In case you are unable to see the presentation, or if you prefer reading, here is a summary:
Credit card processors place holds on funds primarily due to risk. This risk comes in three main forms: Merchants closing accounts while still owing fees, Chargebacks, and Fraud. But how do these things cause risk for processors?
The answer is simple, really: merchant accounts are not depository accounts like checking and savings accounts. Rather, they are considered a “line of credit.” Think of it like this: When a customer pays with a credit card, a bank is extending credit to that customer and making the payment on his/her behalf. Additionally, processors pay merchants before the banks collect from customers and are therefore extending credit to the merchant. Essentially, credit card processing companies act as middlemen between banks and merchants and accept responsibility for issuing debits and credits between the two. As middlemen, they can be left holding the bill if a bank is owed money but they are unable to collect from the merchant. For example, imagine that a customer is charged for a large purchase (either knowingly, or fraudulently). Shortly after the transaction the merchant goes out of business, or if a fraudulent company, disappears to never be seen again. Later, the customer disputes the charge, thereby initiating a Chargeback (In many cases, customers have up to 180 days to dispute a credit card charge.). Since the merchant no longer exists, the processor must pay the bank even though it can’t collect from the merchant. In fact, Chargeback scenarios are one of the most common ways that processors suffer losses; however, merchant fraud is also a great concern.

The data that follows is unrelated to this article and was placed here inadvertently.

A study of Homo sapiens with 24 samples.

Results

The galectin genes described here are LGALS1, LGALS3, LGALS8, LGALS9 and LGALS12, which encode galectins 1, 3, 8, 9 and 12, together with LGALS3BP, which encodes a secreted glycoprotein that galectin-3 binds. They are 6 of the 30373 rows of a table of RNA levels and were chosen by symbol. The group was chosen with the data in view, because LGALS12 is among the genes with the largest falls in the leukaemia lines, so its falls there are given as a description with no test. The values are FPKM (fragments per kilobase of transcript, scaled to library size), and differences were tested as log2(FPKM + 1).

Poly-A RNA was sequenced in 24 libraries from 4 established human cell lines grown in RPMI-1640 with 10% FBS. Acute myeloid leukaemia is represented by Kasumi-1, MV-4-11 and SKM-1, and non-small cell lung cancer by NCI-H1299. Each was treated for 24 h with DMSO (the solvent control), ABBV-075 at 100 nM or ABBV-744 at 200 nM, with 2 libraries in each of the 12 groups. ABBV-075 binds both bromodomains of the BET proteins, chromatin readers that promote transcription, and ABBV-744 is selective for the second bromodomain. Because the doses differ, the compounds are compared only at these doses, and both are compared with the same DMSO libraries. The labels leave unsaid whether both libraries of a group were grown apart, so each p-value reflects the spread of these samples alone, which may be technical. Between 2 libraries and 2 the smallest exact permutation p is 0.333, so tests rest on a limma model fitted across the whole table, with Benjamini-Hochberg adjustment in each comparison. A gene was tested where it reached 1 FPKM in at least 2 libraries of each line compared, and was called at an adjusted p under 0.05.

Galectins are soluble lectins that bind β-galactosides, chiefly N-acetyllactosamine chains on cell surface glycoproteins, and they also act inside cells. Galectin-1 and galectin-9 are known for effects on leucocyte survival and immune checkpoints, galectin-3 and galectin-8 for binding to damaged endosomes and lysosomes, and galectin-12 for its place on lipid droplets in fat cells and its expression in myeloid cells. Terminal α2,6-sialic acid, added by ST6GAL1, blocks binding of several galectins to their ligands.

In summary, credit card processors place holds on merchant funds in order to shield themselves from the risk of chargebacks, suffering losses due to merchants conducting fraudulent transactions, and fees that may not be recoverable due to a business closing. An inability to deposit or withdraw fees from a merchant’s checking account, potential losses posed by high-risk business types, and transactions where the probability for Chargebacks or fraud is higher than normal are also significant risk factors for a processor.
[Related: “High Risk” Merchant Accounts Explained]
Keep in mind that each processor may have its own policies regarding what types of transactions it will hold and when/how long it will place holds. Some processors handle these situations well and others do not. If you feel that you are at a higher risk of experiencing holds, be sure to present your concerns with the processor prior to setting up an account.